Bill Clinton, whether you like him or not (and I do not particularly like him) once said something profound that has stuck with me. He said “Conservatives seek to draw lines that should never be crossed. Liberals seek to erase lines that should never have been drawn.” I always thought that was a great analogy for the tension between right and left. Every human being has a code. Every human being has a sense of right and wrong. The problem is that each person’s view of right and wrong is just a little different than ever other person’s.

There are absolutes in nature: pi is the ratio of a circle’s circumference to its diameter and it never changes; the force of gravity on Earth is 32 feet/second squared. But when it comes to human behavior, we have never agreed on what is right and what is wrong. You can say murder is wrong, but for a child growing up in a primitive warrior society like the Vikings it was not just okay but expected that one kill and be killed.

Now, you can say “MY code is from God so it is both absolute and right.” But that is just another level of subjectivity because there is no agreement on who God is or what he demands. Everyone has a sense of right and wrong, and the first step to being a good person is following your conscience. But the second essential step to being a good person is recognizing that just because someone else does not follow your code, they are not “wrong.”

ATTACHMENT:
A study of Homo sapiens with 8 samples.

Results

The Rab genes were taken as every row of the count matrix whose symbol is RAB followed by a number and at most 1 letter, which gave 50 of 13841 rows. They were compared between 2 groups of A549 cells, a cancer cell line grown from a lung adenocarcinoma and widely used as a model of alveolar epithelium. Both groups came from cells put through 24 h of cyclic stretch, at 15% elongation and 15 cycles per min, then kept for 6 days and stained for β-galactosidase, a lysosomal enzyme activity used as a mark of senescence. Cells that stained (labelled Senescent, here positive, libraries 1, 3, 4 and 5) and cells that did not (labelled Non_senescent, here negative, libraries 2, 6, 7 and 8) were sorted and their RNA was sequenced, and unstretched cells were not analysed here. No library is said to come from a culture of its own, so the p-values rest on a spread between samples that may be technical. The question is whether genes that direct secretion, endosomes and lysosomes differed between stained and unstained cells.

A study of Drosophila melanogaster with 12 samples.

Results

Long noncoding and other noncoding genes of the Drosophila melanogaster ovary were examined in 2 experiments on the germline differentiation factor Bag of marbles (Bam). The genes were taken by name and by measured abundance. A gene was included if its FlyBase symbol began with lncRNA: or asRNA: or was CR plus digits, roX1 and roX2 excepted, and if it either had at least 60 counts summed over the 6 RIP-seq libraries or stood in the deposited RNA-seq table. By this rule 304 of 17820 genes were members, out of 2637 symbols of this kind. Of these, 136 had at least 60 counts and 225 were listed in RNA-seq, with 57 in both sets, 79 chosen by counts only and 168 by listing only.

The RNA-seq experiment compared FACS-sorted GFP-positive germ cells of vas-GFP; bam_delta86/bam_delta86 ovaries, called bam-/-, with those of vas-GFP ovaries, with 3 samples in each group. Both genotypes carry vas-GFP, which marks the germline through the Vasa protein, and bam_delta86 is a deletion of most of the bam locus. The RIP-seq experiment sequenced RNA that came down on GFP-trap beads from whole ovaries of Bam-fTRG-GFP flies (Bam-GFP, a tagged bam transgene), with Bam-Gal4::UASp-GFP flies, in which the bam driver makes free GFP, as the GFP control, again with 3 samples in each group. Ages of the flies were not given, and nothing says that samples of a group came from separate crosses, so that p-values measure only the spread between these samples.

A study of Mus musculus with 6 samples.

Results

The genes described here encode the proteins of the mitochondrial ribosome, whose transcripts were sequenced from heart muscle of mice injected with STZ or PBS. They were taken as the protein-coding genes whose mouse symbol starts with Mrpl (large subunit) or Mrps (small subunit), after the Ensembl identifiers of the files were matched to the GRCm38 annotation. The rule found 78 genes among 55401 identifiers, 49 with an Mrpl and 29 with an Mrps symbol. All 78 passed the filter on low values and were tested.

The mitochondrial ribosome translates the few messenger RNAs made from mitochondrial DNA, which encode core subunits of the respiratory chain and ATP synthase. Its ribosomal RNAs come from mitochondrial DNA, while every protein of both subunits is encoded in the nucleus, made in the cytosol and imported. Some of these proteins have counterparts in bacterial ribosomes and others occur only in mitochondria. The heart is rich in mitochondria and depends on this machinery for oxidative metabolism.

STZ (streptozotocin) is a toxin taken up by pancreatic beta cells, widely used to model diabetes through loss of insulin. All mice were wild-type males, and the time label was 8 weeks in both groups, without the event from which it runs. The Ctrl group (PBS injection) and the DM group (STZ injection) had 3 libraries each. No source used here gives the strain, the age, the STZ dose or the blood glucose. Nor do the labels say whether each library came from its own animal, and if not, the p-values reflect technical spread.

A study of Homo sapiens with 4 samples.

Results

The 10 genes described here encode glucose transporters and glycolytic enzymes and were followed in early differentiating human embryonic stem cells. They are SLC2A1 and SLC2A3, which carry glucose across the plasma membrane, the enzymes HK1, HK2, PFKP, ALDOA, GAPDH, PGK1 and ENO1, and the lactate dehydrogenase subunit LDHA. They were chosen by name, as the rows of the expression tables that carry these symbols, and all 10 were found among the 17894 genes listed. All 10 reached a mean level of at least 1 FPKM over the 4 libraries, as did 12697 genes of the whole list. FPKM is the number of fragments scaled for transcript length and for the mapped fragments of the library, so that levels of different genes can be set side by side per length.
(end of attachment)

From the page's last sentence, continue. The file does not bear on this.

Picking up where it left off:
Every human being has a code and almost every human being tries to do what they think is right. In 19th century Virginia, blacks were forbidden to learn to read and write. Now is that the kind of line that should never be crossed or should have never been drawn? Many localities forbid dancing, or the sale of alcohol. Are those absolutes? I think you would say that rape, or child molestation, is absolutely wrong, and I would agree with you; and yet the Ten Commandments, which says flatly thou shalt not kill, makes no mention of rape or child abuse.

Some people consider “compromise” a dirty word, and yet compromise is the way American government and society functions. Following your conscience is necessary, but moral absolutism, when you measure everyone else by your code, is what grinds the gears of civility to a halt because it makes people self-righteous and closed. I believe we need to accept rather than dismiss other perspectives and not be so quick to create “enemies lists” of everything we hate and disapprove of.